The best artists are time travellers (Colouring Light: Brain Clarke - An Artist Apart, BBC Four, Monday 17 October, 10pm). They go back to the past to change how we see the present. That's what Brian Clarke does with stained glass windows. The medieval church blazed with heavenly radiance. But we have learned to sift the light, to see its beauty but doubt its truth. Brian's creations grace all kinds of buildings, from those where prayer is murmured to those where policies are hammered out.
The medieval window let light in, but not out. Brian's do both. There are no saints in his work, but there are skulls. And something wonderful too, first glimpsed when Brian was 12 in York Minster. An alternate reality. An undiscovered country from whose bourne we may one day be able to return, if we can learn to fly fast enough.
And according to recent research, that could happen one day (Faster than the Speed of Light?, BBC Two, Wednesday 19 October, 9pm). Scientists at the snappily named Oscillation Project with Emulsion-Tracking Apparatus (OPERA) think they have found the impossible, a particle that travels faster than light. A collection of atoms known as Professor Marcus du Sautoy popped up to explain. Apparently there was this clerk at a patent office in Bern who spent a lot of time making up thought experiments instead of getting on with his job. One of them had something to do with looking at his reflection in a mirror and wondering if it would disappear should he travel towards it at the speed of light.
Well, of course it would. He'd knock the glass over as he sped past it for a start. No, that's not the answer. Ah me. Wrong again. If he's travelling at the speed of light, then the photons speeding from his face to the mirror need to go even quicker. Which they can't, because this bloke said they couldn't and used a lot of equations to prove it. Most of them produced in 1905, an annus mirabilis for science. Marcus held aloft another collection of atoms arranged into one of the four papers Einstein published that year. "Look," said Marcus. "When I write a paper, I usually refer to about 30 other pieces of work, but Einstein doesn't have a single reference." You see, there is such a thing as originality.
Marcus could see I was still having trouble with Einstein's theory of special relativity and took me to a train station. He pulled a torch out on the platform, which, in these security-conscious times, could have got him arrested. Somehow, Marcus managed to convince the collection of atoms known as the guard that he wasn't a terrorist but a mathematician who was demonstrating that a beam of light does not travel any faster just because it's on a train.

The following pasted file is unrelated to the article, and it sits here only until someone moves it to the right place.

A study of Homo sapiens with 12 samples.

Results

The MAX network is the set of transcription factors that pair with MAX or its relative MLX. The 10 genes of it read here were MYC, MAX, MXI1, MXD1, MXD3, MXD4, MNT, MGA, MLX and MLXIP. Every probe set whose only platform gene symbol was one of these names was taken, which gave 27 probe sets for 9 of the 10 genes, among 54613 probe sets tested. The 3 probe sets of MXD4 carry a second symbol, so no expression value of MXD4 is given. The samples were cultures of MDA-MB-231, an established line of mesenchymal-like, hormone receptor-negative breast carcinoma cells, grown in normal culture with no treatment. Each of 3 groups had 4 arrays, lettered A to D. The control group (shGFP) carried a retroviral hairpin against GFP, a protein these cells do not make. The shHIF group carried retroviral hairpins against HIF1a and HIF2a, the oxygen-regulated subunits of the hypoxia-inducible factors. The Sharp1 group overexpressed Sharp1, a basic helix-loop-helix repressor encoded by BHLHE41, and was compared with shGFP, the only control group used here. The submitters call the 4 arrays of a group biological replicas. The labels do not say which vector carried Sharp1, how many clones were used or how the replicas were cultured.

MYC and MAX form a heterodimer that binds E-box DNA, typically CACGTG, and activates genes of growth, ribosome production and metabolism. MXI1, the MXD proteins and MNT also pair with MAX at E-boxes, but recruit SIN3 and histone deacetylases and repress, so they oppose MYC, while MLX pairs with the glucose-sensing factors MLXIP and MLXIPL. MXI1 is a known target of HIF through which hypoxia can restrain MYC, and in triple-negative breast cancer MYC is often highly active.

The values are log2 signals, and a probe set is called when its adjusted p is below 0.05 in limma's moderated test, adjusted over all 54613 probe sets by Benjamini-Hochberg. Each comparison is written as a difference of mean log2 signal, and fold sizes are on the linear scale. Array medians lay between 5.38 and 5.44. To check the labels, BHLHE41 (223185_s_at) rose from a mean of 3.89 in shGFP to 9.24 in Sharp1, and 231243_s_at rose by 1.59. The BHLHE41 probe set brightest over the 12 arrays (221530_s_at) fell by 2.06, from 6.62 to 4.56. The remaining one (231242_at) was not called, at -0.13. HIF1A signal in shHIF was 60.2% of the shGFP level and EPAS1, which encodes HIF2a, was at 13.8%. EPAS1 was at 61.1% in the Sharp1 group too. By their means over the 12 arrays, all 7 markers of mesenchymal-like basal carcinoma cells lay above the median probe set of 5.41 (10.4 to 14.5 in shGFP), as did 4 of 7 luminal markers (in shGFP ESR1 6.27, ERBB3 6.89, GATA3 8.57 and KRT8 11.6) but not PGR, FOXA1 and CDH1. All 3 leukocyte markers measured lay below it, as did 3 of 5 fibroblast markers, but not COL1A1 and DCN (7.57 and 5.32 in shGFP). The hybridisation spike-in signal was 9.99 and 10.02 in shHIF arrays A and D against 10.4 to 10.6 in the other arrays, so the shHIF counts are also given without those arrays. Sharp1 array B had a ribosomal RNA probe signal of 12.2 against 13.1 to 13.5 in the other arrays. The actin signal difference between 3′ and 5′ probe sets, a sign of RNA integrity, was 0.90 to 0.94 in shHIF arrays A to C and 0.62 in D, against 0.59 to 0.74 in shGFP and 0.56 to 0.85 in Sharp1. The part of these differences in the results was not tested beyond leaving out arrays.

Which reminds me. Did I say that Brian had caught the 4.15pm to his past? To Oldham School of Arts and Crafts, in fact. It was dedicated to "the moral and intellectual culture" of the people of the town. That contains at least three words that you won't find in a university mission statement.
It's the neutrino that has breasted light at the tape. The scientists who measured its passage from Cern in Switzerland to Gran Sasso in Italy have checked and rechecked their measurements for errors, but can't find any. So they have submitted their data to other scientists. If they can't find any mistakes then, as Professor John Ellis put it, "we are going to have tear up all the physics books and start again". Marcus was more sanguine. As a mathematician he is used to dealing with ideas that are impossible in reality. For now, at any rate. He came up with some ingenious solutions. The one I could understand was that in extreme conditions, the laws of physics break down; the one I couldn't was that a particle could form once it's gone beyond the speed of light. A physicist said string theory would tie everything together. Enlightenment deferred, as always.
If you were a Monty Python fan, you would have enjoyed Holy Flying Circus (BBC Four, Wednesday 19 October, 9pm) - a dramatisation of the controversy surrounding Life of Brian, a satire on religious credulity, not a story about Mr Clarke. It was done in typical style. Which is to say that it was more frantic than funny. Monty Python's Flying Circus was afflicted by modernism's mania for self-reference, and so was this film. But it was well acted. In one scene, a newspaper vendor told John Cleese he wouldn't dare write such a film about Muslims. "But this is 1979," said Cleese. It was a nod to time travel, and an admission that things are getting darker. Well, the clocks do go back on Sunday.